Ukrainian filmmakers have mobilized quickly in their campaign to document Russia’s invasion of their country. While some are filming, others have taken up support roles to provide essential resources.

Festival organizer and producer Darya Bassel, whose recent film “A House Made of Splinters” won a directing award at Sundance in January, is among those who have set up a structure to provide logistical support.

Three days after evacuating from Ukrainian capital Kyiv with her family, Bassel has settled in an apartment in the Western town of Chernivtsi and has opened an office channeling means and materials to others. “We’re trying to help our friends who are in Kiev, because there are a lot of filmmakers and journalists [who are filming] events,” she told Variety by phone.

“Like 90% of the people I know that are Ukrainian filmmakers — and I know all of them — 90% of them are now either in Kiev, or in the east of the country. The first goal of all this filming is just to collect evidence of the crimes that Russians are doing to us. And then the second goal is, of course, to create films. But later.”

As both a documentary producer and organizer of the Docudays UA International Human Rights Documentary Film Festival in Kyiv, Bassel is an ideal knowledge center and connector.


“For some of our fellow filmmakers, it is simple stuff like food or chocolate. For others it is bulletproof vests, power banks and gasoline. We’re also trying to organize people who have cars to drive [filmmakers] from point A to point B,” said Bassel, and to “source things from our friends in Germany, Poland and Romania.”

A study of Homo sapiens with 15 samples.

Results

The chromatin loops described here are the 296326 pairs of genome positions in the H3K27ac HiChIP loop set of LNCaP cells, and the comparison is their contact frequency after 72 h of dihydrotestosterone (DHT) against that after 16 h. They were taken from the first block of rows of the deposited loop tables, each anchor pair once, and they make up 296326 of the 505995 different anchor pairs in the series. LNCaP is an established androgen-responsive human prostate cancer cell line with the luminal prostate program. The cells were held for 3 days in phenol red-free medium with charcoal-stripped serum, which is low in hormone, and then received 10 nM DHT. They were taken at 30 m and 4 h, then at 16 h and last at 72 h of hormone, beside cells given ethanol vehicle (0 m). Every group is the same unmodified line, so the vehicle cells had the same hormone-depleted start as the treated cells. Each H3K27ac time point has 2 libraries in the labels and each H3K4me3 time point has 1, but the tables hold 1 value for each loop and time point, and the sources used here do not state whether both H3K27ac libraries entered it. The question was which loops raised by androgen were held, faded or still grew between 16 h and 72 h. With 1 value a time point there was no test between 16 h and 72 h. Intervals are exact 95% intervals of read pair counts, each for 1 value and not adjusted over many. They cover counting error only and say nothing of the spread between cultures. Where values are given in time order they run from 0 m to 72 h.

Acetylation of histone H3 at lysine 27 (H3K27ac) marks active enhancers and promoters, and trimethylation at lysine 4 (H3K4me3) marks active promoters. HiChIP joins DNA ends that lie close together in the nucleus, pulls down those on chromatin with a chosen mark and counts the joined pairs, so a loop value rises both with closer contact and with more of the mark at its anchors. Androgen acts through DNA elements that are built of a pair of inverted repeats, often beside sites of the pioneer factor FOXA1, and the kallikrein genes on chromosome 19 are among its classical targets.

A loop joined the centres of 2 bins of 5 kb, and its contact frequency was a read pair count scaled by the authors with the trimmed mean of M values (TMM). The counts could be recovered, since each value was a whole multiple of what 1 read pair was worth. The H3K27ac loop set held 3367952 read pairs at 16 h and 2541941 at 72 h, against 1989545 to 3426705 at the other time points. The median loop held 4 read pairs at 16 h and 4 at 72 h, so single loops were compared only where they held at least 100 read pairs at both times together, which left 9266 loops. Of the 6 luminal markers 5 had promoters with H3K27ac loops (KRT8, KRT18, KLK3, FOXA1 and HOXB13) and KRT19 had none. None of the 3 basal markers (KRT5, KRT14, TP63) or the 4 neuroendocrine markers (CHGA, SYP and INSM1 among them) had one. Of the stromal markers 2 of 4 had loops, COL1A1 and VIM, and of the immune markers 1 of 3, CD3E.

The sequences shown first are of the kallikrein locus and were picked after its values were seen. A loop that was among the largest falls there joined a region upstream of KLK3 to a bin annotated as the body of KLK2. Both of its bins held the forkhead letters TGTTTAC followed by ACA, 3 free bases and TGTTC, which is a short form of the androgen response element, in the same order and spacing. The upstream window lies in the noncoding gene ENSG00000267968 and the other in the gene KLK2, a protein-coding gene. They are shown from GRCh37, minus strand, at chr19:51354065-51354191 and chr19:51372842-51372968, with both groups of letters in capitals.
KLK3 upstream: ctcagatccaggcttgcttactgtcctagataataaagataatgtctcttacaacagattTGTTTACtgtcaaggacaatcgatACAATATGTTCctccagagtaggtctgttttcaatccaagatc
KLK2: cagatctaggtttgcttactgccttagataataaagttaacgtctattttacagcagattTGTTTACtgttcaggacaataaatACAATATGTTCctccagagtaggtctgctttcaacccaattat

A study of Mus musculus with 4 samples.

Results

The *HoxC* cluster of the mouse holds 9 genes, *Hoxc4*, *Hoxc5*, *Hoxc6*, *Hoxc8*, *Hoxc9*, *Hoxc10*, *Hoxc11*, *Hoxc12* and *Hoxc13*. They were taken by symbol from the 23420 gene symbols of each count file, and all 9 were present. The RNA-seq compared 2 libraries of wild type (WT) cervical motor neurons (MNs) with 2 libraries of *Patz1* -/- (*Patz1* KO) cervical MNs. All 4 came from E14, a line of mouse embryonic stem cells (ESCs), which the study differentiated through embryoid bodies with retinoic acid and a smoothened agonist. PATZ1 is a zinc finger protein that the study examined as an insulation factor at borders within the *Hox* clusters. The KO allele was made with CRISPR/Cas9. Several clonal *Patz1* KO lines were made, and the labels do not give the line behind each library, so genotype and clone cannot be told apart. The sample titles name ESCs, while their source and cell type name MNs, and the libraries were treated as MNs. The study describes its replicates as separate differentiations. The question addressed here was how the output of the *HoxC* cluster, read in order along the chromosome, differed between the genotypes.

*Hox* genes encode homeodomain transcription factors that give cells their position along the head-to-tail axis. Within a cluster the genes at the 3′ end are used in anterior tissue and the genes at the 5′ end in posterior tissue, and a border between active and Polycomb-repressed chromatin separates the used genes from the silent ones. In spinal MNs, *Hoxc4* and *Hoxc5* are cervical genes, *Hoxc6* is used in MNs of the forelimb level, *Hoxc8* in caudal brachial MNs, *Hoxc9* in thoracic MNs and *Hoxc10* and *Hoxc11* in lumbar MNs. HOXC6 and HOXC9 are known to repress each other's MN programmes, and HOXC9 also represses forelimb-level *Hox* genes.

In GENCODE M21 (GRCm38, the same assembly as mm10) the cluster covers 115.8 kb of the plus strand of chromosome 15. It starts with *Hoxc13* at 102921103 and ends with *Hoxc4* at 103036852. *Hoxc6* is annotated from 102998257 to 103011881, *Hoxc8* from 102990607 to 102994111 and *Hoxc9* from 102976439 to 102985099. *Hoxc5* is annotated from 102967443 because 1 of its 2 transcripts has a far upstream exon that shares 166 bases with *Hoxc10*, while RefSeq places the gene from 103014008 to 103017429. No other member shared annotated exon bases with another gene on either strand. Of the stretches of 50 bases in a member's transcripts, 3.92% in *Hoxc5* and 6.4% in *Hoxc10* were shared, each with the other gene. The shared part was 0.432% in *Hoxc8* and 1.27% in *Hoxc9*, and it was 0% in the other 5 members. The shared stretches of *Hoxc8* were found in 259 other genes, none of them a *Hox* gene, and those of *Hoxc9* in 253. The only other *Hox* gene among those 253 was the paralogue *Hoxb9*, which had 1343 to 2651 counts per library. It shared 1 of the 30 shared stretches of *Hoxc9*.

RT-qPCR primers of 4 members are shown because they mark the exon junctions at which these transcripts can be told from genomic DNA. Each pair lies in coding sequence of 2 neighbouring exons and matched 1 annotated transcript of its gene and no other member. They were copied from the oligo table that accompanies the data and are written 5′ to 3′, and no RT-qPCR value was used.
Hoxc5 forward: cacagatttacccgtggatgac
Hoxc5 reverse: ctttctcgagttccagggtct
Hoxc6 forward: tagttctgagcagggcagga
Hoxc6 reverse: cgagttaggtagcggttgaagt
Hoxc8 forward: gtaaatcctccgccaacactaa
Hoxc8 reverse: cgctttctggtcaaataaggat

Bassel insists that her role is more humanitarian than cultural or creative, though that could soon change. “All the [film] editors, they’re united in one group. And I have access to this group, so if somebody needs to edit anything, I’ll connect them,” she said.

“There is also one filmmaking group, which is called Babylon 13. They started in 2014 [at the time of the pro-Europe Maidan protests] and have created short videos that are published on YouTube channels,” said Bassel. “They’re more than active right now, [and] they are filming and editing. I think, in a couple of days, they will start publishing new material.”

Her own festival, which would have originally taken place from the end of March, is now a non-starter.

“Even online, there is no one who would watch it right now, because people are either sitting in their basements, or they’re under really heavy attacks, or they are trying to help others escape and trying to leave the country,” said Bassel. Instead, other festivals around Europe have offered to host parts of her selected lineup, and she is circulating lists of recommended films.

Bassel says that despite the horrors of war and the dislocation, most Ukrainians remain optimistic. She believes that the current news images and the activities of documentary filmmakers are already playing a crucial role in deflecting propaganda and promoting the truth.

“Finally, after eight years, people stop calling what’s happening here a ‘conflict’ or just a ‘situation.’ They no longer think that it is a civil war. That was never the case,” said Bassel. “So finally, the word has got out and the world has understood that it is an occupation of our country. It is a war by Russia against Ukraine. We’re in horrible situation right now. But you know, there is this positive side that people finally understood what is really going on here.”